South Portland High School graduate remembered as kind, ambitious
SOUTH PORTLAND — Kim Lim, a 2010 South Portland High School graduate and University of Southern Maine junior, died April 28 in a hiking accident in the Philippines.
In a news release, USM President Theodora Kalikow said Lim, 20, was studying at Sogang University in South Korea. He went with friends to hike near Tappiya Falls on the island of Luzon when the accident occurred.
By his own account, written in his sophomore year at USM for the American Association of State Colleges and Universities, Lim, 20, "arrived in the U.S. (in 2008) with minimal English reading and writing abilities."
Lim said his family emigrated to South Portland "not for the scenic coastline or the abundance of lobsters, but on the testimony of family members who were already there."
Allison Brown, an English as a Second Language teacher at the high school, said Lim's language skills were better than minimal, but what really stood out was his ambition.
"He was an amazing young man," she said. "He took every opportunity that was presented to him."
Brown said Lim was still learning English when he enrolled in an advanced placement world history course and refused to take it on an ungraded, audited basis.
She also recalled he was also invited to King Middle School in Portland to discuss his immigration experiences, and stood out as the youngest panelist.
"He was the kind of student teachers dream about," Brown said.
Lim became a fixture on school honor rolls, graduated in the top 10 percent of his class, and earned the Mitchell Institute’s 2010 Morton K. and Jane Blaustein Pioneer Scholar Award, which recognizes achievements of first-generation college students from families that recently emigrated to the U.S.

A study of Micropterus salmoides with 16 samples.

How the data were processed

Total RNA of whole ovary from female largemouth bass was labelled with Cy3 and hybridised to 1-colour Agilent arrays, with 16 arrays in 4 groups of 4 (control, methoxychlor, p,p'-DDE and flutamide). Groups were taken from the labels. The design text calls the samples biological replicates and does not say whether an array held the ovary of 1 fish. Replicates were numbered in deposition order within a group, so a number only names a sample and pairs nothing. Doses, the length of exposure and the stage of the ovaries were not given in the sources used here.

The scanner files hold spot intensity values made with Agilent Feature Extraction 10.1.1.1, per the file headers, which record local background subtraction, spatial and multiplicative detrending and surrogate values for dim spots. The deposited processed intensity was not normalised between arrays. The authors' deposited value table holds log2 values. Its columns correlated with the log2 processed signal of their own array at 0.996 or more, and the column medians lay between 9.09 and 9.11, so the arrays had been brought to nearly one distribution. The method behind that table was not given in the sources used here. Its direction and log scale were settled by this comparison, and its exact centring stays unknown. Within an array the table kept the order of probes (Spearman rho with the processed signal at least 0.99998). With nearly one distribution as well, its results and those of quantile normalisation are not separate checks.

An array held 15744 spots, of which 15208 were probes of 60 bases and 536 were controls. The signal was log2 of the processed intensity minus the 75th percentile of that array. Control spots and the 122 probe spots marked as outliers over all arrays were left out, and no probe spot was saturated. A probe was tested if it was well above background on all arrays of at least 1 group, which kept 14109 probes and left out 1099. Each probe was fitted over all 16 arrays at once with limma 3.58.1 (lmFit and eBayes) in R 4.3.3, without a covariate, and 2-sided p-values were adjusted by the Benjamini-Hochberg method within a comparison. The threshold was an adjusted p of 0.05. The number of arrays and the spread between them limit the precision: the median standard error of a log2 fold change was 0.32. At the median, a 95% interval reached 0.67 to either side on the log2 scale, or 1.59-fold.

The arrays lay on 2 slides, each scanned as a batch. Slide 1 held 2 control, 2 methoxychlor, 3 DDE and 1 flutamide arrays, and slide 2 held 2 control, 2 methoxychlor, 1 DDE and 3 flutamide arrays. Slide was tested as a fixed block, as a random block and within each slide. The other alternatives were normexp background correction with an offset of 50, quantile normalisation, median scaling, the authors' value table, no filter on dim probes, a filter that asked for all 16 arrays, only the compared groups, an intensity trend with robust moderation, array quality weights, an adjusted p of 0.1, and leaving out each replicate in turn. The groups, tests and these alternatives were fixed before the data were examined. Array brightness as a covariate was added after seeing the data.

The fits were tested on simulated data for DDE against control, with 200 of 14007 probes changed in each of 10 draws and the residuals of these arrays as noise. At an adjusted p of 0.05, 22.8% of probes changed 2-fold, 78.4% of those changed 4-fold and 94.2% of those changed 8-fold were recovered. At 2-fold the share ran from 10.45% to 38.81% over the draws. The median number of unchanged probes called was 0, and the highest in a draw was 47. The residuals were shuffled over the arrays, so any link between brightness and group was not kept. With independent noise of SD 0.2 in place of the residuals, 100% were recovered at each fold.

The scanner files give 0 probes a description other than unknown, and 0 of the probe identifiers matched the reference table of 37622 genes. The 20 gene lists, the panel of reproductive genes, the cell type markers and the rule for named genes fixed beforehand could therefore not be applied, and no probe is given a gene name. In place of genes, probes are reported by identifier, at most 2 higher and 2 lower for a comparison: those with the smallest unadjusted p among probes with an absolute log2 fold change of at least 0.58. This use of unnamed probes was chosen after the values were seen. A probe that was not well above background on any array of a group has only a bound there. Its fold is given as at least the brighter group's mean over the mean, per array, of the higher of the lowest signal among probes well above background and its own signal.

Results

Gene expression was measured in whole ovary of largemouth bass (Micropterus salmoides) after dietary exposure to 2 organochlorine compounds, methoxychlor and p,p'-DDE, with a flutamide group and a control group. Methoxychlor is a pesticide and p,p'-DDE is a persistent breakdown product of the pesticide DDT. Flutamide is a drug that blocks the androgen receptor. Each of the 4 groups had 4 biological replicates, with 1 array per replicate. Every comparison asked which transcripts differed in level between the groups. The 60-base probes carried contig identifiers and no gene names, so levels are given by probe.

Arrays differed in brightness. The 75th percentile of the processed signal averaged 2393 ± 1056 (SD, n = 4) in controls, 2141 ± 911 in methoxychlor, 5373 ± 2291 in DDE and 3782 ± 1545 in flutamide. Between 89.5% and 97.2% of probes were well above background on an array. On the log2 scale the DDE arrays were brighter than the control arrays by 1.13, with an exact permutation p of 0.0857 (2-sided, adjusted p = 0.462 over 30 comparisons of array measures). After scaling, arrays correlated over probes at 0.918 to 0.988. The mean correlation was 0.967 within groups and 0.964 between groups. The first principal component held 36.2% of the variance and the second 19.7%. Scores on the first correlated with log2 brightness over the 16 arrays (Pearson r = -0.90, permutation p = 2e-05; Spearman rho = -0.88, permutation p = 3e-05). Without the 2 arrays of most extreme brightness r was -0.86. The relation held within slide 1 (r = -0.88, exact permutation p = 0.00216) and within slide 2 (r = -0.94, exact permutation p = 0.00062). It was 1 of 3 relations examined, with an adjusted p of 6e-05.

As a high school senior, Lim was also awarded one of four $5,000 Creating Maine’s Future Presidential Scholarships from USM.
Brown said Lim's devotion to his family played a role in his decision to attend USM. She suggested he apply to the University of Maine Orono, but he decided USM was a better fit because he could stay closer to home and his mother.
As a student, Brown said Lim reached out into the world around him with a group of close friends who would take bus trips to Boston on school holidays.
At USM, Lim studied double majors of marketing and general management, with a minor in economics. Still, his own words reflected a need to embrace a new culture and be more assertive as a student.
"At USM, I find myself adjusting to a culture that is simultaneously challenging and compelling," he wrote. "In Cambodia, students rarely expressed their opinions in the classroom. ... But at USM, students are encouraged to express their opinions and critical thoughts."
Lim invited Brown to be his guest at the Presidential Scholar dinner, and she said his interest in her husband's art was also touching.
"He was just a lovely boy, I can't say enough good things about him," she said.
Kim is survived by his parents, David Doung and Siem Mouy, and his brother, Khoung Lim. His burial will be in Cambodia. A memorial service was held Wednesday at the USM Woodbury Campus Center in Portland. A celebration of his life will be held at the Mitchell Institute 22 Monument Square, Portland, on Friday, May 17, from 4-7 p.m.